Jeremiah 18:5-12: The hinge of repentance.(please click here for todays Bible passage)

‘ ‘’…can I not do with you as this potter does?’’ declares the LORD.’ (6).

  • God is in charge. Don’t fight Him or resist Him. Yield to Him. Be soft and malleable in His Hands. Go with Him as He forms and shapes you. Be quick to repent when He shows you the things that are wrong in your life.
  • God looks for change. Repentance is the ‘hinge’ upon which so much turns. The people of Judah deserved God’s judgment for their sins. They had been repeatedly warned to turn from evil and back to the Lord. He did not want to inflict this punishment on them, so again He called them to repent; to change their minds (the literal meaning of ‘repent’) about the way they were living. (Repentance is a change of mind leading to a change of behaviour.) The statement in (7, 8) should have encouraged them to ‘turn’ when the call came in (11). But they would not (12). Their heels were well and truly dug in; their attitudes were entrenched. So the people were going to be ‘’marred’’ (4). However, they would still be in the hands of the ‘Potter’ as they were re-shaped in judgement, including deportation to a foreign land (13-17).

 

  • God gives freedom to choose. ‘’The Lord is absolutely sovereign, but He does not act in a mindless or mechanical manner. Both His threats and His promises are conditional; they are carried out in accordance with our response. If we respond rightly; He cancels the threat; if we respond wrongly, He cancels the promise. Thus, within His overall sovereignty, God has granted human beings a certain degree of freedom to choose the right response or the wrong one.’’ Tom Hale: ‘The Applied Old Testament Commentary’, p.1102. ‘’Note carefully the cardinal rule of prophecy which is enunciated here, that both the promises and threats of God are not absolute but conditional. Judah often presumed on the divine promises, viewing them from the point of view of privilege and not of responsibility, in spite of prophetic warnings of the disaster that would overtake such an attitude.’’ E. Cundall.

 

‘’ ‘…Turn back from your doomed way of life. Straighten out your lives.’ ‘’But they’ll just say, ‘Why should we? What’s the point? We’ll live just the way we’ve always lived, doom or no doom.’’’ The Message. Many people still respond in this way today, as the gospel message calls them (and us) to repent of sin and trust in Jesus (Mark 1:4, 14, 15). The call to repentance has never been popular, but repentance is the hinge upon which so much turns.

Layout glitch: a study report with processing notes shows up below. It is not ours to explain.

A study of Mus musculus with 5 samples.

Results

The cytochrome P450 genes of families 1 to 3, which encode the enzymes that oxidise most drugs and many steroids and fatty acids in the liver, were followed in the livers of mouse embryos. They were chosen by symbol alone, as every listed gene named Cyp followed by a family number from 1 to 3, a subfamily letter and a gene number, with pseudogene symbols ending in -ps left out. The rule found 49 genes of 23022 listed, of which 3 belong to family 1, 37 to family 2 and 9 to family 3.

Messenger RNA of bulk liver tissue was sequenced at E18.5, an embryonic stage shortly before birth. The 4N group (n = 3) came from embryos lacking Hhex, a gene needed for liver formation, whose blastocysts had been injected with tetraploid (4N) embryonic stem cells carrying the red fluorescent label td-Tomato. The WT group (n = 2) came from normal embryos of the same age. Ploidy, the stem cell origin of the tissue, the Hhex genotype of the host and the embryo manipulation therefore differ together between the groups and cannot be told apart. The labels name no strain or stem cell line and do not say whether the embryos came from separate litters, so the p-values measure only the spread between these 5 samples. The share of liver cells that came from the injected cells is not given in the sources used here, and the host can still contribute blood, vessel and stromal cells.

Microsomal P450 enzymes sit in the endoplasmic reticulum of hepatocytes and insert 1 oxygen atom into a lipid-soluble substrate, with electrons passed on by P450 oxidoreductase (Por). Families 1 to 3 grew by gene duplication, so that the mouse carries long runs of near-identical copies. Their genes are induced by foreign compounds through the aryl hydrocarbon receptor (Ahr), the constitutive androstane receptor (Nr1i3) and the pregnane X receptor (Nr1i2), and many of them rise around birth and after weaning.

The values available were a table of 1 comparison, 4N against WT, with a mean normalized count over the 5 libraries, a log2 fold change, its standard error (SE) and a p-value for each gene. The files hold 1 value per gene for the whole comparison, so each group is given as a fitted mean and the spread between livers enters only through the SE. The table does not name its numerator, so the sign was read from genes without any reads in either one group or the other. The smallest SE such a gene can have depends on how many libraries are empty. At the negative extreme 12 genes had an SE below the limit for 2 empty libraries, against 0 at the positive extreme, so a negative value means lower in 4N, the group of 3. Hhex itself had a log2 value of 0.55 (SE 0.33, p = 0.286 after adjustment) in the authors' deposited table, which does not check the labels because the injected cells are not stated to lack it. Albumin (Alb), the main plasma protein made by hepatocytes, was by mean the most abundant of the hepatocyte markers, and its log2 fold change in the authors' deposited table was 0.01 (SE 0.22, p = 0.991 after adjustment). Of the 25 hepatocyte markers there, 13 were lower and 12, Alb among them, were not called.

‘ ‘’…can I not do with you as this potter does?’’ declares the LORD.’ (6).

  • God is in charge. Don’t fight Him or resist Him. Yield to Him. Be soft and malleable in His Hands. Go with Him as He forms and shapes you. Be quick to repent when He shows you the things that are wrong in your life.
  • God looks for change. Repentance is the ‘hinge’ upon which so much turns. The people of Judah deserved God’s judgment for their sins. They had been repeatedly warned to turn from evil and back to the Lord. He did not want to inflict this punishment on them, so again He called them to repent; to change their minds (the literal meaning of ‘repent’) about the way they were living. (Repentance is a change of mind leading to a change of behaviour.) The statement in (7, 8) should have encouraged them to ‘turn’ when the call came in (11). But they would not (12). Their heels were well and truly dug in; their attitudes were entrenched. So the people were going to be ‘’marred’’ (4). However, they would still be in the hands of the ‘Potter’ as they were re-shaped in judgement, including deportation to a foreign land (13-17).

 

  • God gives freedom to choose. ‘’The Lord is absolutely sovereign, but He does not act in a mindless or mechanical manner. Both His threats and His promises are conditional; they are carried out in accordance with our response. If we respond rightly; He cancels the threat; if we respond wrongly, He cancels the promise. Thus, within His overall sovereignty, God has granted human beings a certain degree of freedom to choose the right response or the wrong one.’’ Tom Hale: ‘The Applied Old Testament Commentary’, p.1102. ‘’Note carefully the cardinal rule of prophecy which is enunciated here, that both the promises and threats of God are not absolute but conditional. Judah often presumed on the divine promises, viewing them from the point of view of privilege and not of responsibility, in spite of prophetic warnings of the disaster that would overtake such an attitude.’’ E. Cundall.

 

‘’ ‘…Turn back from your doomed way of life. Straighten out your lives.’ ‘’But they’ll just say, ‘Why should we? What’s the point? We’ll live just the way we’ve always lived, doom or no doom.’’’ The Message. Many people still respond in this way today, as the gospel message calls them (and us) to repent of sin and trust in Jesus (Mark 1:4, 14, 15). The call to repentance has never been popular, but repentance is the hinge upon which so much turns.